A friend posted this great video clip of Viktor Frankl on Facebook. What an extraordinary man he was, and what a treat to see him in action.

Frankl’s analogy of learning to fly and how he learned to aim ‘north’ to arrive at his destination, reminded me of my high school yearbook quote. In the 70s, it was fashionable to put a quote underneath your photo. Most classmates had rock lyrics, like, “Freedom’s just another word for nothing left to lose,” but I was captivated by a line from a Robert Browning poem, “Ah, but a man’s reach must exceed his grasp, or what’s a heaven for?”

Frankl and Browning exhort us to expect more from ourselves and others, to reach higher, in order to have a meaningful life. And in this clip, Frankl describes what we now call the self-fulfilling prophecy – the higher we reach, the higher we go. And likewise, the lower we reach, the lower we’ll go.

This leads me to wonder about the current trend in popular psychology, leadership development and coaching of categorizing ourselves based on traits, types and styles. There is a thriving industry of testing in order to discover what kind of leaders, thinkers, and teammates we are. It’s helpful, even comforting to know whether we are left brain or right brain, introverted or extraverted, analytic or relational, visionary or practical. This kind of typologizing allows to talk across differences; it gives us a language and framework for collaborating with others, and for understanding ourselves. It seems to explain so much – our strengths, our weaknesses and challenges, even our choices of friends and partners.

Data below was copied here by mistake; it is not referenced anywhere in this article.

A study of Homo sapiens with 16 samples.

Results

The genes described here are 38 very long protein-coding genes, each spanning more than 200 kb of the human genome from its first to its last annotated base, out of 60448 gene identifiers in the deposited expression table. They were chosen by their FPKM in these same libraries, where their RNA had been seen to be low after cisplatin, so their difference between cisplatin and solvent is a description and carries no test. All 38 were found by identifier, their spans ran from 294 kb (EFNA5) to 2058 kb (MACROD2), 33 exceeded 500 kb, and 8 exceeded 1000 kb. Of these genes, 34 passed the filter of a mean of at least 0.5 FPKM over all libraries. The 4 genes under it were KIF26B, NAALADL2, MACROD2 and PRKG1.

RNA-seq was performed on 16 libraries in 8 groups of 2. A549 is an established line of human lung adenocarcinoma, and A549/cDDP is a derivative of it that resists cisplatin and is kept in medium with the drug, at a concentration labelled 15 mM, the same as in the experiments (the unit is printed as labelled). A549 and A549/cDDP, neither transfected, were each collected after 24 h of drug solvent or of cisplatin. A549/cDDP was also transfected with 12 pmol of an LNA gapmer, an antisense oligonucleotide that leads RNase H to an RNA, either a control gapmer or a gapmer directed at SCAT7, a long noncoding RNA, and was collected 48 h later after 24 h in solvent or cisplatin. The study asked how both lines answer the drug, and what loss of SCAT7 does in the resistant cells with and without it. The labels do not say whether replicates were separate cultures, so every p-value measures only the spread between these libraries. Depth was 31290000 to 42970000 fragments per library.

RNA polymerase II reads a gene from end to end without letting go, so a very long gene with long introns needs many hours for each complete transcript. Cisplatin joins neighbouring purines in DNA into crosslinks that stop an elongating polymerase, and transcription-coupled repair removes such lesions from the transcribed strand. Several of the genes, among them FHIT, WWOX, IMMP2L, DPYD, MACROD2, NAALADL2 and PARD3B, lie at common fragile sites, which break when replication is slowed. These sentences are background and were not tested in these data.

But I am wary of this trend. How much do we limit ourselves by defining ourselves according to traits? At what point does it become a story about ourselves that allows us to settle for what is? Certainly, we can’t excel at everything, so it’s useful to know where our strengths lie. On the other hand, how do we know we’re not missing opportunities for growth, that we’re not creating glass ceilings for ourselves in the guise of traits?

These same thoughts are being pursued in research on how theories of intelligence influence academic achievement. Carol Dweck, professor of psychology at Stanford, discovered that children who held an “entity” view of intelligence, that intelligence is an unchangeable internal characteristic, were at a higher risk of academic underachievement than children who held an “incremental” theory of intelligence, i.e., that intelligence is malleable and can be increased through effort. Her work was predominantly with children, but I wonder about adults as well. The benefit of understanding ourselves based on traits and styles may come at the cost of becoming all that we can be.

I’m looking forward to exploring this topic further on the Gold Coast of Australia in October, when I give my seminar on learning and change, Just Beyond Our Grasp: The Art, Science and Flow of Learning, Performance and Change.